If you ask me…
- Tom Holehan
Adult “Fairy Tales” at Yale Rep
If not at the Yale Repertory Theatre, where else? I’ve said that before in this column and it rings true again with the theatre’s current production of “The Fairytale Lives of Russian Girls”. Here is one of those “out-there” productions that would only be produced by the New Haven landmark and we’re all better off because of it. Of course, it isn’t always smooth sailing and even this latest offering has its issues, but let’s take cheer that when it comes to adventurous theatergoing, we can still count on Yale Rep.
A graduate of the Yale School of Drama, playwright Meg Miroshnik called upon her Russian background for her wildly inventive and creative “Fairytale Lives of Russian Girls”. Set in 2005, the play (with a spectacular all-female cast) follows the adventures of Annie (Emily Walton) who, at the urging of her mother, returns to her native Russia to stay with her aunt. What follows is a subversive journey down a Russian rabbit hole where familiar tales (“Hansel & Gretel”, “Cinderella”, and “Little Red Riding Hood” among others) are skewered and utilized as acerbic commentary on Russia’s current economic, housing and political struggles.
Miroshnik does not lack in imagination and “Russian Girls” is a flavored stew rich in characterization and magical realism as evil stepmothers, witches and a ferocious bear all enter the picture. At Yale they also give a shout-out to Pussy Riot with the inclusion of an on-stage punk rock band with the actors (is there anything they can’t do?) taking turns playing incidental music. At times the play’s anything-goes mindset veers wildly off-track and the busy plot can confuse if you’re not paying close attention. But at a breathless 90-minute running time (no intermission) the excellent director, Rachel Chavkin, keeps a firm hand on the proceedings.
In addition to the wonderful Miss Walton, whose wide-eyed Annie has a substantial core to her character, Felicity Jones has arguably the best role playing her creepy, mysterious aunt. In Russian folk tales she is called “Baba Yaga”, a witchy hag with extraordinary powers who, nonetheless, withers and ages whenever asked a question. It’s great fun watching Jones die a little death every time a question is posed to her. The remaining actors, Sofiya Akilova, Celeste Arias, Stephanie Hayes and Jessica Jelliffe, juggle roles, change costumes and beat drums with enviable conviction and flair. This is one of the strongest acting ensembles of the theatre season thus far.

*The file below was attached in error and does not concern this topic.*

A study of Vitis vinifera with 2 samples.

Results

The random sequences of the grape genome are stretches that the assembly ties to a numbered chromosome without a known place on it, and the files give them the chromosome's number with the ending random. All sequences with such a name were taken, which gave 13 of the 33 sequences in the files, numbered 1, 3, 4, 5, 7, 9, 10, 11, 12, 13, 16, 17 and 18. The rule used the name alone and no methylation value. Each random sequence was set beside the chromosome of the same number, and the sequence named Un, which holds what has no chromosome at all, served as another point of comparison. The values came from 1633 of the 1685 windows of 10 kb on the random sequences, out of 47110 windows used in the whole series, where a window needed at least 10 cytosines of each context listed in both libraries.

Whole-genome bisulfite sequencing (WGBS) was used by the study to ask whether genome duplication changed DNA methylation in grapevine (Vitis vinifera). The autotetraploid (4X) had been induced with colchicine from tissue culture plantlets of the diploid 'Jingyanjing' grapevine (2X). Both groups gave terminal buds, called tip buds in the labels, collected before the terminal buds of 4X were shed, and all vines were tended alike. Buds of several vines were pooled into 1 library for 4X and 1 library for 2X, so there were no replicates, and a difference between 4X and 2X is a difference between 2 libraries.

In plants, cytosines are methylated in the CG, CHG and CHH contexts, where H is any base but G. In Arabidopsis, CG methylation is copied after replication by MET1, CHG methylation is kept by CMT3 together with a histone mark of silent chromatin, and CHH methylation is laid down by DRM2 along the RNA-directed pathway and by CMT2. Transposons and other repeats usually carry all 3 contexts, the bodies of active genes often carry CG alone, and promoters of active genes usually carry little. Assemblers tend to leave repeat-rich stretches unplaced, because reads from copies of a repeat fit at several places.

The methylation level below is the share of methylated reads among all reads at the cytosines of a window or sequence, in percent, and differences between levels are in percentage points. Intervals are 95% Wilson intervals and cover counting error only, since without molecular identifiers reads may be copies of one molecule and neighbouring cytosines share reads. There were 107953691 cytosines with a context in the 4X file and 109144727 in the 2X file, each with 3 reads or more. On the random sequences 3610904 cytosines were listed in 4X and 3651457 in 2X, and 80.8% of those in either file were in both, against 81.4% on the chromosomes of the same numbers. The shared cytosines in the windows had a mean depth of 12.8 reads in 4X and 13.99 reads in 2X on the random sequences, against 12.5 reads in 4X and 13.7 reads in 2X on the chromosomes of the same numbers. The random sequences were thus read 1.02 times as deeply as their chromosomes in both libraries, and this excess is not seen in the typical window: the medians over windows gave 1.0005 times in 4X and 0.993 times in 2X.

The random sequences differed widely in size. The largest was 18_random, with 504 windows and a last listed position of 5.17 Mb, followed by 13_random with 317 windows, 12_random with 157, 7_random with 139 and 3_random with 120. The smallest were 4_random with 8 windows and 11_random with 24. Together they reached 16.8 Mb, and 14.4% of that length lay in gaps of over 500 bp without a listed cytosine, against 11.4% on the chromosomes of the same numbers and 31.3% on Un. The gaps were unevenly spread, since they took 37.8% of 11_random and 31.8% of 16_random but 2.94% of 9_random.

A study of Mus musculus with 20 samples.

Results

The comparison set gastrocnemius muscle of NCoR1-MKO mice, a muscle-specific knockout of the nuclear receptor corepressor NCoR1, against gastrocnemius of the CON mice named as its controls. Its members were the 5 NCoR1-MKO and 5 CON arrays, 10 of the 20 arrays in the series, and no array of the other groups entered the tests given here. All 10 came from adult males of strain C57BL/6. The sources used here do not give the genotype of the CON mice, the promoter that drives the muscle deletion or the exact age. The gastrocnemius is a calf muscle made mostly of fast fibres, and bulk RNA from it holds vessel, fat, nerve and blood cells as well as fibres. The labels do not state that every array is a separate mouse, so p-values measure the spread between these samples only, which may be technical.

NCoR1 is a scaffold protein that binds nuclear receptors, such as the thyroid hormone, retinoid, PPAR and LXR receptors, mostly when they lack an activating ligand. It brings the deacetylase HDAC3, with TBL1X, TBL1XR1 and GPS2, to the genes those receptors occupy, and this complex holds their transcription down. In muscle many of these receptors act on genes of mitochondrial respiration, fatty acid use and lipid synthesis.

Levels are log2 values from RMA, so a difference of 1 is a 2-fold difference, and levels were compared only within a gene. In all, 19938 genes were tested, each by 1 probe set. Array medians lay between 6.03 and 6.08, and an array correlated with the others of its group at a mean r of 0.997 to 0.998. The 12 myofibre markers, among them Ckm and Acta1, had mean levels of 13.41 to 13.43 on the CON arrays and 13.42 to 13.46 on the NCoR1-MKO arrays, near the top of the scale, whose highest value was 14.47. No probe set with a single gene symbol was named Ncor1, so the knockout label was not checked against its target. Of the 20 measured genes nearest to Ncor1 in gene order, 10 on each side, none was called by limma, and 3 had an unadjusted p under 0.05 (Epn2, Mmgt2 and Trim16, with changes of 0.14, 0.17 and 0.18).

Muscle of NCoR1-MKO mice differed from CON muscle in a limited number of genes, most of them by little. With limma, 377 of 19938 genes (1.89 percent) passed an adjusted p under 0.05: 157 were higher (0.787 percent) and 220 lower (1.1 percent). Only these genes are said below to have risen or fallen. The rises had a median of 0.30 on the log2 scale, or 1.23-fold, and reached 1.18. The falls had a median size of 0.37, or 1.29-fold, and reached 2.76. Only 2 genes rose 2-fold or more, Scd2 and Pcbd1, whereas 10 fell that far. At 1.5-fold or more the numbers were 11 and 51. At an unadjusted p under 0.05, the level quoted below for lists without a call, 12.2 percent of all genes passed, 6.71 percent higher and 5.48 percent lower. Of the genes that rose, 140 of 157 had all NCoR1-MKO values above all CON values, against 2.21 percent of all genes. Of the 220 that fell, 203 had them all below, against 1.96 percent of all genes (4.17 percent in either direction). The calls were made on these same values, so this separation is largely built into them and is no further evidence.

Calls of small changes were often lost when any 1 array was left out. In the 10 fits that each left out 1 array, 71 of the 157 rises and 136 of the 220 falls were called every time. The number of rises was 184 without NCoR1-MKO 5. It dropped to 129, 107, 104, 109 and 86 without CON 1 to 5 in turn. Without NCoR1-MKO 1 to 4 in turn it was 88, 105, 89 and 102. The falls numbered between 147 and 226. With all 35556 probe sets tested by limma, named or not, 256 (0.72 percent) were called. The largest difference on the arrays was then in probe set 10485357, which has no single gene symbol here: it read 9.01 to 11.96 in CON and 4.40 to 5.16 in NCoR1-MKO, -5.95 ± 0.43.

Christopher Ash’s ever-changing scenic design creates a world that is grounded in reality but is ready to soar into flights of fancy at any moment. Bradley King’s lighting calls for some eyeball-searing spots aimed directly at the audience and Chad Raines’ sound design is simply remarkable adding greatly to the overall effect of this magical world. “The Fairytale Lives of Russian Girls” will no doubt have its detractors. When material is this challenging and edgy it’s bound to divide audiences. But count me in as a big fan.
“The Fairytale Lives of Russian Girls” continues at the Yale Rep through February 22nd. For further information call the theatre box office at 203.432.1234 or visit: www.yalerep.org.
Tom Holehan is one of the original founders of the Connecticut Critics Circle, a frequent contributor to WPKN Radio’s “State of the Arts” program and Artistic Director of Stratford’s Square One Theatre Company. He welcomes comments at: email@example.com. His reviews and other theatre information can be found on the Connecticut Critics Circle website: www.ctcritics.org.